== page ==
By Damian Reilly
Cass Business School professor says action needed to improve transparency.
Majority ownership of listed Gulf companies by powerful families or state entities is deterring international investors who fear the economic playing field in the region is not level, a leading economist has told Arabian Business.
Roy Batchelor, Professor of Banking and Finance at London’s Cass Business school, said in an interview: “There’s a difficulty generally with the financial markets in the area that with many of the listed companies the shares that are listed and actively traded really don’t represent much of the share capital of the company, so a lot is retained by the original owners or state entities and so on.
“Of course in that case if you are investor, it is not like investing in the US equities where you can be pretty sure that everyone has the same information about the shares. Here, large blocks of shares are owned by the family, by the original owners, so they could be doing anything, and you are not party to that.”
Earlier this year, members of the Abdullah family who founded Nasdaq Dubai listed jewellery company Damas were reprimanded by financial authorities for making $165m of “non-specified, unauthorised payments” using company money.
Professor Batchelor said that the practice of allowing families or state entities to hold controlling stakes in companies that are listed could be tantamount to insider dealing.
“They are insiders, they are the equivalent to insider investors. So if I come and I buy a share, with quite a lot of the companies traded here I know there are blocks of investors who have a lot more information about the company’s activities than I can ever have...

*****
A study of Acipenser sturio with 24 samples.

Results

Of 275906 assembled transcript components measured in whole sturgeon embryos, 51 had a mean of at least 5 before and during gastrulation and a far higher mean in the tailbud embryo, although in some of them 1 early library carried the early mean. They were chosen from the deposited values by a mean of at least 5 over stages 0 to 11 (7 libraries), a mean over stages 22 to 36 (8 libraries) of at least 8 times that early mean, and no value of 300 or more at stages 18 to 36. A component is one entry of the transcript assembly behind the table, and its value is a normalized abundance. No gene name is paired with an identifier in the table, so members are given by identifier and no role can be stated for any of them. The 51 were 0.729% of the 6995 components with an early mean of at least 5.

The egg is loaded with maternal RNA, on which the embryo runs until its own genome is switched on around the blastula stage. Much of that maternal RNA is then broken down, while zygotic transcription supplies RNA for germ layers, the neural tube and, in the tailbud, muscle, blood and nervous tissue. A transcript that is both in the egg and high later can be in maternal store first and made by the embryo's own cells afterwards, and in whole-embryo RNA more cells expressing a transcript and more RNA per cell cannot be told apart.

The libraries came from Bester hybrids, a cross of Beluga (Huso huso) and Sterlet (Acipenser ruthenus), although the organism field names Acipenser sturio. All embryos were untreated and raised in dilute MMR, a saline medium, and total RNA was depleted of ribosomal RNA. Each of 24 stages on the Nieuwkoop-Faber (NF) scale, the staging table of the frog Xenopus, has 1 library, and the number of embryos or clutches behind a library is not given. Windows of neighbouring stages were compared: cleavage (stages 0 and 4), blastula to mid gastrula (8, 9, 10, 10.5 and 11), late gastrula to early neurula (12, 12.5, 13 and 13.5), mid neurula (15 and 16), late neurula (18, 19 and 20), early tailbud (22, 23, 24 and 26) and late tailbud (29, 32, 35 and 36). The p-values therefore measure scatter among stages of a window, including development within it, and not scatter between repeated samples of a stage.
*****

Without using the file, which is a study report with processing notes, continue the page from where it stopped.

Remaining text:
“So any company in that situation, where you’ve got the general public shareholders and family related shareholders, there is going to be an asymmetry of information between the two. And that is going to lead to, apart from the possibility of malfeasance, people on the outside are going to be very reluctant to invest in companies like this.”
Prof Batchelor said on Western bourses similar conflicts of interest were prevented from occurring by strict regulation.
“This doesn’t happen in Europe, not on anything like the same scale. There are large shareholders, sure, but they are often large institutional shareholders. They are not inside the company. There are family-owned companies, but there are typically listing requirements in the UK and the US that oblige the owner to not retain such a large percentage of shares for themselves, and to be very, very transparent.”
He added that until Gulf markets became more transparent, they would miss out on investment by funds looking to put money into emerging economies.
“I understand the problem here because historically the companies have been family owned and family run, and of course society here revolves around the economic power of successful family businesses. Over time, if there is a genuine interest in getting international capital into the markets, that is going to have to change.
“The reason for the fragility of [local] stock markets isn’t necessarily that the businesses are bad, but investors in emerging markets have a lot more attractive and more liquid and more transparent markets that they can go to outside the Gulf region,” he said.
As long as family members are allowed to get away with plundering company resources as in the well documented case of Damas, then what do they expect. The region will be damaged by this affair until justice is seen to be done.